A weak moment - Part II

So.  It is over.  And it wasn't nearly as terrifying as I thought it was going to be.  After all, those ladies love quilting and I do know most of them.  They did ask me to explain how I do what I do.
I was prepared as I was ever going to be.  I held on to that podium for dear life, adjusted my reading glasses and before I knew it, it was all over.  It still isn't easy speaking to a group of people about yourself and what you do.   Now it seems that I find myself thinking that I wouldn't mind doing this again.  Scratch that.

The sample has been completed and then I was inspired to do another ~ a set of leaf portraits, as it were.  The maple leaves were machine appliqued while I decided that the dogwood leaves would be pieced.  Once I learned the Ruth B. McDowell technique of drawing a piecing pattern, I have abandoned ye ole applique  technique.  Although the initial drawing and pattern making is much more involved, the sewing goes much more quickly.  I realized this as I worked on the applique sample for my presentation.  Although my Thistles quilt was done with mostly machine applique using the same process as the Maples,  and I enjoyed making each petal and piece , I find that the pattern making and piecing has a more appeal.

Let me pause to give a bit of credit where credit is due, the artists who have inspired me through their instruction books.  I have found that I learn more easily in my own space and in my own time by using the quilting and art quilting books that are available.  I have a rather large library of those.  The main artists that have inspired me to design and create several of my award winning quilts include:  Ruth B McDowellBarbara OlsonKatie Pasquini MasopustCarol Taylor, and Vikki Pignatelli.  Of course there are so many other quilt and textile artists that I admire, but these ladies have provided excellent sources of inspiration in their books as well as their art.  I don't know that I would have ever figured it all out on my own, had I not bought their books and spent countless hours studying and drooling over every page.  They empowered me to give it a go and develop my own style and technique.  I suggest that you check out these websites as well as their books. There are much more instructive than I.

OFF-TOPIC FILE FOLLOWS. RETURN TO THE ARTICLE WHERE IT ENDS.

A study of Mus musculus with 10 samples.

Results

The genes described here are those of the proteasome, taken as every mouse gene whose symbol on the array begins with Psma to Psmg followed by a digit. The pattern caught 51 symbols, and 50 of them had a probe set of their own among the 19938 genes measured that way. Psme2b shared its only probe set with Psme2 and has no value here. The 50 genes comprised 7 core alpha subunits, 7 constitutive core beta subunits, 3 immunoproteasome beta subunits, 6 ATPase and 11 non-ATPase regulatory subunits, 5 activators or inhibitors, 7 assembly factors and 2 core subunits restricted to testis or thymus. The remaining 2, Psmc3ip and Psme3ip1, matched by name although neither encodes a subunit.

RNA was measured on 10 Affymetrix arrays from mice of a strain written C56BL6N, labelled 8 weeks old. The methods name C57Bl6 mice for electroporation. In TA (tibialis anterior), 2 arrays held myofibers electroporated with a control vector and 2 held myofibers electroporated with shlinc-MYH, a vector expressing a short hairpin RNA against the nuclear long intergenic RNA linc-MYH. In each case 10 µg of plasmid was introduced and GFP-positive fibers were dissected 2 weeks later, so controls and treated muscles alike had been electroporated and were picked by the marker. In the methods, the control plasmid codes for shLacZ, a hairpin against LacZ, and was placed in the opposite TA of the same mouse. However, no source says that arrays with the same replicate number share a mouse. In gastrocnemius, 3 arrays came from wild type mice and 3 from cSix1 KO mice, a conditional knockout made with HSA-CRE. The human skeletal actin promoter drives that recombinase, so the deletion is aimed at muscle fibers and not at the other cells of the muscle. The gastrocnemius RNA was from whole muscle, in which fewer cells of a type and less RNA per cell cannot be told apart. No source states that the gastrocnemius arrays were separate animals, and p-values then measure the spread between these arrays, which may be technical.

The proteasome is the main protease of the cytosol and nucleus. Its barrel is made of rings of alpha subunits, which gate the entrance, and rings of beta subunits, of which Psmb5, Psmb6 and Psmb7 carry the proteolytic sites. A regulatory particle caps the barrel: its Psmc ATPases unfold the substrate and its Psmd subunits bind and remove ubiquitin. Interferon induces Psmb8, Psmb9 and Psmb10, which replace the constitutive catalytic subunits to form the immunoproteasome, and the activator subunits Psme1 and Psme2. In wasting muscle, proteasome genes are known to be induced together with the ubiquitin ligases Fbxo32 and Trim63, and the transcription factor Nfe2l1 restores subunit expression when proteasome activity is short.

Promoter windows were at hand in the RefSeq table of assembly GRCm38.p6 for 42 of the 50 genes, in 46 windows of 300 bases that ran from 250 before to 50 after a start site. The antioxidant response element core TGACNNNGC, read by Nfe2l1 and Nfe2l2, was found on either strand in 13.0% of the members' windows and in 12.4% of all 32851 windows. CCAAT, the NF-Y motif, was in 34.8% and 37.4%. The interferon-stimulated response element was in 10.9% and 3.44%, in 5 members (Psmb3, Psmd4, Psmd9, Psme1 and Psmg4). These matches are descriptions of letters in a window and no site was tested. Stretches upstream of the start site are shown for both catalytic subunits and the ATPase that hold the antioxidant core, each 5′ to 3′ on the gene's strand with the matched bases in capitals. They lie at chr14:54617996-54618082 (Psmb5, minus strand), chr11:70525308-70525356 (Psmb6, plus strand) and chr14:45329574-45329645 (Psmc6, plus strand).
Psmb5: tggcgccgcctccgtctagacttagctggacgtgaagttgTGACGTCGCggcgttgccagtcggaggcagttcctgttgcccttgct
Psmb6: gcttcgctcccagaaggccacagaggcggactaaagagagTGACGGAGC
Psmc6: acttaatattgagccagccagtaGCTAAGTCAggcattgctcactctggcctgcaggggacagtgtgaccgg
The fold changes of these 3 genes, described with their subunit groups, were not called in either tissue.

So enough rambling.   Now on to the completion of the maple leaf sample.  Once all the pattern pieces have been cut out, ironed onto the fabrics and pinned onto the cartoon, it is time to glue. 
I usually begin with the background pieces.  Looking to see which pieces will be mostly covered by the others, I select one and check to see which edges need to be turned under.  First I will clip any curves that need to be clipped,  then using a mini iron,

I press the seam allowance that over the edge of the freezer paper, and let cool a bit.  Then gently lifting  the freezer paper,  I use Elmer's Glue Stick and lightly touch the edges to be turned under. Next, turn under that seam allowance and press to dry the glue. 

Choose the adjoining piece, matching the registration marks  and slide it into place with the folded edge covering the raw edge. Add a touch of glue to secure the pieces into place, fold the freezer paper back onto both pieces and lightly iron down.   

I continue in this manner until I have several applique pieces glued together.  Lay them onto the Sulky Totally Stable cartoon and press in place, checking  to be certain that all the proper seam allowances are folded under and glued together. At this time I go ahead and machine applique some of the pieces in place.

Once all of the pieces are in place on the Sulky foundation, I will finish the machine applique.  Next I will gently tear the Sulky from the back of the piece.  I don't worry about removing every bit of the Sulky, because I don't want to stress the seams. 

TA-DA!  Ready to be quilted

Here is the dogwood leaves under construction, showing my piecing pattern. 

And the pair ~ still waiting to be quilted.